In the furore over increasing oil prices, the two words our leaders seem determined not to mention are “Peak Oil”. Having built our prosperity on cheap energy from fossil fuels, particularly oil, it is perhaps understandable that they cannot bring themselves to admit that business-as-usual is over as cheap energy disappears - first due to the need to address global warming, and second due to the peaking of global oil supply, which will probably have an even greater impact than global warming in the short term.
Peak Oil takes its name from the bell-shaped curve that typifies the production profile of any oilfield. Once an oilfield is discovered, oil wells are drilled and production rises until drilling saturation is reached, whereupon production levels off at the peak. It then drops along the declining segment of the bell shape until the reservoir is exhausted. This profile applies to an individual oilfield, to all oilfields in a region and now to the globe, although it may become distorted along the way by geopolitics, for example.
Oil does not run out at the peak, as roughly half of the ultimately available oil remains to be produced. However, it is the point at which further expansion of global oil production becomes impossible because production from new oilfields is more than offset by the decline of production from existing fields.
It may be a sharp peak if, for example, some of the giant fields start to decline rapidly, or it may be an undulating plateau spread over a number of years if, for example, oil demand is destroyed as a result of recession or if developing countries are no longer able to afford high oil prices. Once demand begins to exceed supply, oil prices rise -, as they have been doing over the last few years. The bigger the gap, the higher the price.
The “official view”, until recently, from organisations like the International Energy Agency (IEA) - the energy watchdog of the developed world - was that we had abundant oil resources available from both conventional and unconventional sources, and these would meet rapidly expanding global demand as China and subsequently India became large consumers. The economists took comfort as the oil price rose on the grounds that higher prices would stimulate additional production so that supply eventually balanced demand and forced the price down. As an eminent Australian economist colourfully put it: “If the price of eggs is high enough, even the roosters will start laying!”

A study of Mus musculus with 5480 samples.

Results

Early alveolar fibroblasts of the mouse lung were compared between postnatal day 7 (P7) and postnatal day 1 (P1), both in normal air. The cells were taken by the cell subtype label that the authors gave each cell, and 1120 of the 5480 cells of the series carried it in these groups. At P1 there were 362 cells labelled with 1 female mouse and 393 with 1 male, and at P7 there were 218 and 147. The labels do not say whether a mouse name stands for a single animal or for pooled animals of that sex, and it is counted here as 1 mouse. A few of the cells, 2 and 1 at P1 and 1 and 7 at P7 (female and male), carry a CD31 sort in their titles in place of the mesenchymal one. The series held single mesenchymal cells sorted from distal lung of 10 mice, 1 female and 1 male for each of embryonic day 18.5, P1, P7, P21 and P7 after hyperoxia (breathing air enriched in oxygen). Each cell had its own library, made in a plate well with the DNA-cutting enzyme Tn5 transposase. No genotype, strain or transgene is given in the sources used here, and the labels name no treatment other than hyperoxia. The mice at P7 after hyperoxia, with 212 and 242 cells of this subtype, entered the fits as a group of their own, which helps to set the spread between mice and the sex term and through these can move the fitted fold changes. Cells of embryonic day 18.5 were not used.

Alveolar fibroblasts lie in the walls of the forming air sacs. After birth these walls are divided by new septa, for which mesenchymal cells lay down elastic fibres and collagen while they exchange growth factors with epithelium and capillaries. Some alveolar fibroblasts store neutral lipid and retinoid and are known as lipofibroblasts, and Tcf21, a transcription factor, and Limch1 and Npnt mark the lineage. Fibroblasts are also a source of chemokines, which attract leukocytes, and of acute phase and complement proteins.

Maybe so, but it’s one thing to have oil resources in the ground and it’s quite another to convert those resources into oil flows to the market. It now seems there are unexpected problems in so doing, to the extent that we are probably approaching the peak of global supply. We may have already passed the peak, or it may be some years ahead, but the exact date is less important than accepting the principle and taking action to prepare for it.
The “official view” is now scrambling to catch up with reality. As the Chief Economist of the IEA recently commented: “Putting these two things together, the short- and medium-term security of our oil markets, plus the climate change consequences of this energy use, my message is that if we don’t do anything very quickly, and in a bold manner, the wheels may fall off. Our energy system’s wheels may fall off.” In urging OECD governments to rapidly change policy from “business-as-usual” he commented: “We must leave oil before it leaves us”.
The reasons that supply is not expanding are:
- we are not discovering new oilfields quickly enough;
- data on existing fields is suspect, particularly in the Middle East, so we may not have as much oil as we thought;
- production from many existing oilfields is declining as part of the natural process, often more quickly than admitted officially;
- unconventional oil resources, such as deep water and tar sands, are proving more difficult to develop, technically and economically, even with higher prices. They also have major environmental problems, such as high carbon emissions and high demand for water and energy, to the point where in some cases almost as much energy is needed to produce the oil as is ultimately recovered; and
- oil-producing countries are using more oil domestically and are less prepared to export it.
Price hikes and shortages
Given the absolute dependence of modern societies on oil and gas, price hikes and supply shortages will be traumatic, as is already evidenced by current unrest in Europe and protests in the Middle East and Asia as oil subsidies are withdrawn.
Australia is particularly vulnerable, but the issue was ignored by the previous Federal government and is barely acknowledged by the new government. Peak Oil is arguably the biggest issue Australia will have to contend with in the next decade. Strange it did not even rate a mention at the 2020 Summit.
Oil prices may well drop temporarily if we move into recession, or if increased oil discoveries do result from the exploration triggered by current high prices, but the general price trend is probably upwards and it is misleading to pretend otherwise. We should be preparing for that eventuality now, not playing King Canute in futile attempts to turn back the global tide with 5¢ fuel excise or GST reductions.